What’s Lupus Vasculitis?


Lupus vasculitis is one of several complications that can result from the chronic inflammatory autoimmune disease known as lupus. Vasculitis occurs when white blood cells, which usually act beneficially in the body, actually attack both small and large blood vessels, causing inflammation. The damage caused by lupus vasculitis can range from minor skin blemishes to severe organ damage caused by destruction of the tissue around those organs. This condition is usually diagnosed through blood tests, although other procedures may be used depending on the areas affected. Treatment generally begins with cortisone-based drugs, which, in the most serious cases, are then strengthened by the addition of cytotoxic drugs.

Vasculitis generally results from a process that begins when antigens cause an allergic reaction in blood vessel walls. Antibodies are then created which bind to the antigen, thereby attracting white blood cells to the affected area to destroy the antigen. In this form of lupus, these white blood cells then build up in the blood vessel walls, causing the blood vessels to become inflamed.

The damage caused by this inflammation may be minor, such as when small blood vessels or capillaries break, causing red or purple dots on the skin that are usually painless. Depending on the severity of the inflammation and the location, the problems caused by lupus vasculitis can be much more serious. For example, inflammation can narrow the vessel walls, causing a reduction in blood flow to a particular area. It can also cause blood clots. The tissue surrounding the inflammation can die, which can lead to gangrene.

Serious problems can arise when vasculitis affects tissue near major organs. Vision loss due to tissue damage near the retina, pneumonia-like symptoms caused by vasculitis near the lungs, and even brain complications such as headaches, seizures, or strokes are all possibilities. Most commonly associated with this condition are joint problems, such as pain, swelling, or arthritis.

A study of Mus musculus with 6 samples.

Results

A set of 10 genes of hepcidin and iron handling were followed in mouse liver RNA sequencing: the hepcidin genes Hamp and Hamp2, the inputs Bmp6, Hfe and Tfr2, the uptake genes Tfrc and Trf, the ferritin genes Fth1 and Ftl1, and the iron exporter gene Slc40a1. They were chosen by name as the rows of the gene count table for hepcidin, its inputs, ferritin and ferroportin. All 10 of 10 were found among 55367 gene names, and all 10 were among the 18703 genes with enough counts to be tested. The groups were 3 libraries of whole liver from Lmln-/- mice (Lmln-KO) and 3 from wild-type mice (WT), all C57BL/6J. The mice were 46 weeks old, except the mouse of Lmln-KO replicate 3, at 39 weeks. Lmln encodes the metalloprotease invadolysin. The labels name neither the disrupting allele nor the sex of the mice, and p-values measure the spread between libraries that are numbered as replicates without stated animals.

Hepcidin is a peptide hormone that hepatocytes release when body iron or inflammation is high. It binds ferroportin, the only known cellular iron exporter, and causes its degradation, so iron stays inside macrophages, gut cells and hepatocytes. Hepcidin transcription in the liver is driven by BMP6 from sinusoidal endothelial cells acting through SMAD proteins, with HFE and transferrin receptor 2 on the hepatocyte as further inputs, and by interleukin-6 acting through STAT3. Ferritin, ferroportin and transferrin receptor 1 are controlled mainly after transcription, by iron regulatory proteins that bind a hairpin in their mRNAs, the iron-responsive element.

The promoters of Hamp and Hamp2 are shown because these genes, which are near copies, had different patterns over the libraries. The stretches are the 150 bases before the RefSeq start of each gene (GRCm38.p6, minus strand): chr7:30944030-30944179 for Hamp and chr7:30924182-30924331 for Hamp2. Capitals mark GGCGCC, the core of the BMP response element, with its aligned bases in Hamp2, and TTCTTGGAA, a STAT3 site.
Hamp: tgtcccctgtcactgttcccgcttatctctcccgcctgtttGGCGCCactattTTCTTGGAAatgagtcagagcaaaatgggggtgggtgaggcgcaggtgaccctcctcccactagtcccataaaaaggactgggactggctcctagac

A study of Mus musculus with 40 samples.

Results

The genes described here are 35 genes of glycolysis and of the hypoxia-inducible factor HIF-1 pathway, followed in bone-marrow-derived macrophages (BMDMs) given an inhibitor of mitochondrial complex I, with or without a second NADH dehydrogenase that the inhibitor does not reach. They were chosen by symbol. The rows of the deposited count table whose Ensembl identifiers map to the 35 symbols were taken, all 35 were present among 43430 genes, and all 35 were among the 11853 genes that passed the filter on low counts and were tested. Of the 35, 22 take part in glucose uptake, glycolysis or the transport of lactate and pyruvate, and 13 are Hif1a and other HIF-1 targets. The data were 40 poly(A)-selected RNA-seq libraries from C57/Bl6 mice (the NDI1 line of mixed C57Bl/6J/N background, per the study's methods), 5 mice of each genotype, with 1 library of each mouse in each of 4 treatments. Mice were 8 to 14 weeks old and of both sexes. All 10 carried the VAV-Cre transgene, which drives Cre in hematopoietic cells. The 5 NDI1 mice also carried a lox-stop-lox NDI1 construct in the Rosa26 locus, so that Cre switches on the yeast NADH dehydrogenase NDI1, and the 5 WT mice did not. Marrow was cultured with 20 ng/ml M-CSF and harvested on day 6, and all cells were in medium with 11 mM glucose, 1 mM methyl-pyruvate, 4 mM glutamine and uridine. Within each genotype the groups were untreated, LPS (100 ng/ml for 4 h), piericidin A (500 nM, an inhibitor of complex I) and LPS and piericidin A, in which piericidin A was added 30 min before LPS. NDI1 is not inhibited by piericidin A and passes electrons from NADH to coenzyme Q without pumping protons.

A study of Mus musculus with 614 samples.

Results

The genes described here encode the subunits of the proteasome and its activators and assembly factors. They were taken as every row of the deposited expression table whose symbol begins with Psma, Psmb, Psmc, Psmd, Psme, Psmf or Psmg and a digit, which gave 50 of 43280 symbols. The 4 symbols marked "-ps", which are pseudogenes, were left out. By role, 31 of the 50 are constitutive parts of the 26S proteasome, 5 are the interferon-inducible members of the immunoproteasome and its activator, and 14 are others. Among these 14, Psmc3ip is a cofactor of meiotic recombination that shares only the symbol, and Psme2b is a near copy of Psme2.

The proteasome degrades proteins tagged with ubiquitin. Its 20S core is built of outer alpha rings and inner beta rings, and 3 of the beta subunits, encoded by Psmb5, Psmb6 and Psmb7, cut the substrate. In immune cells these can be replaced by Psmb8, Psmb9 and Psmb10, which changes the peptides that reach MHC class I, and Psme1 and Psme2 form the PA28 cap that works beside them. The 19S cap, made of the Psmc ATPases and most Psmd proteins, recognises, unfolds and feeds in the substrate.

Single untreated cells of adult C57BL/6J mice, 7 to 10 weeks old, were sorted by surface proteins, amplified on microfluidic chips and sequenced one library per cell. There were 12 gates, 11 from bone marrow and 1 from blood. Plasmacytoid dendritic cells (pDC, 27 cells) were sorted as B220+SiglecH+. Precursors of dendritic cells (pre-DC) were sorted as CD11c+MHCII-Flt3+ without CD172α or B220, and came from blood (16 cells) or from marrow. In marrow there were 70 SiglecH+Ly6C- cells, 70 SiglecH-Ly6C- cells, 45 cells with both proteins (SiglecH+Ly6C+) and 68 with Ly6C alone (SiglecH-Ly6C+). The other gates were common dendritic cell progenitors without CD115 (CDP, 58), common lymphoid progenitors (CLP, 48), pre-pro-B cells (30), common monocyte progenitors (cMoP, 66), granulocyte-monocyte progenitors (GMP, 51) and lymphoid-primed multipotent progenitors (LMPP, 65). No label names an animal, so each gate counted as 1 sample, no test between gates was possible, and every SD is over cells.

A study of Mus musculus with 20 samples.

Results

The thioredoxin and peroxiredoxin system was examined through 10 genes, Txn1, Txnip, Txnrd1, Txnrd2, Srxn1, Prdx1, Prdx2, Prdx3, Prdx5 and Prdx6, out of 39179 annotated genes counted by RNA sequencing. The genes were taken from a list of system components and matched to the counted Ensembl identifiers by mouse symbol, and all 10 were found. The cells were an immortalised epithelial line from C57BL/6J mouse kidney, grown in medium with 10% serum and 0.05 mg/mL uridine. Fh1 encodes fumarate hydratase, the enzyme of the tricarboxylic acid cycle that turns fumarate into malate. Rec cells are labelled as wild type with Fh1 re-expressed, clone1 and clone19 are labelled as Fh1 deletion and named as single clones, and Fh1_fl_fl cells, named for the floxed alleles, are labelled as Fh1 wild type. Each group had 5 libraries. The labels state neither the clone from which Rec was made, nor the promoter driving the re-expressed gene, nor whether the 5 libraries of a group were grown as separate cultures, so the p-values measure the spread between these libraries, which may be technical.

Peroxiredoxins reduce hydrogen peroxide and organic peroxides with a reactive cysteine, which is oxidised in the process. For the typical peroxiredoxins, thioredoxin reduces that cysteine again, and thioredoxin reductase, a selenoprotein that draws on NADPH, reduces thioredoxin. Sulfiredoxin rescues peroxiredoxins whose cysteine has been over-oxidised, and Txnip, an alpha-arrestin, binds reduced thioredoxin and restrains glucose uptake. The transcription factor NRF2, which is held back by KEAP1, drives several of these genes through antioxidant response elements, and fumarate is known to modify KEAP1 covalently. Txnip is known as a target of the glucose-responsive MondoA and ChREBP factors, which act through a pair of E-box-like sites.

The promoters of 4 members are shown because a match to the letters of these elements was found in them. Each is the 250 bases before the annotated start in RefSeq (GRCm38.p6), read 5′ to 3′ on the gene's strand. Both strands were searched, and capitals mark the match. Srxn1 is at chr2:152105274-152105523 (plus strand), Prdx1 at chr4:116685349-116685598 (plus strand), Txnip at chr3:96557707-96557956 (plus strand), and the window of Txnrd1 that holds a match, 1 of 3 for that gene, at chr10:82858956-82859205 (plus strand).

The diagnosis of lupus vasculitis usually comes from blood tests that determine the number of white and red blood cells or the presence of autoantibodies, which are created when antigens and antibodies bind together. Depending on the location of the problem, tests such as computed tomography (CT) scans or X-rays may be administered. Tissue samples via a biopsy can also definitively detect lupus vasculitis.

Treatment of this condition may not be necessary if the problem is limited to minor bleeding or red or purple spots caused by broken capillaries. More severe cases often require the prescription of cortisone-based medications known as corticosteroids. If they do not limit the effects of the condition, cytotoxic drugs are the next step in combating vasculitis. These drugs are usually given in tandem with corticosteroids.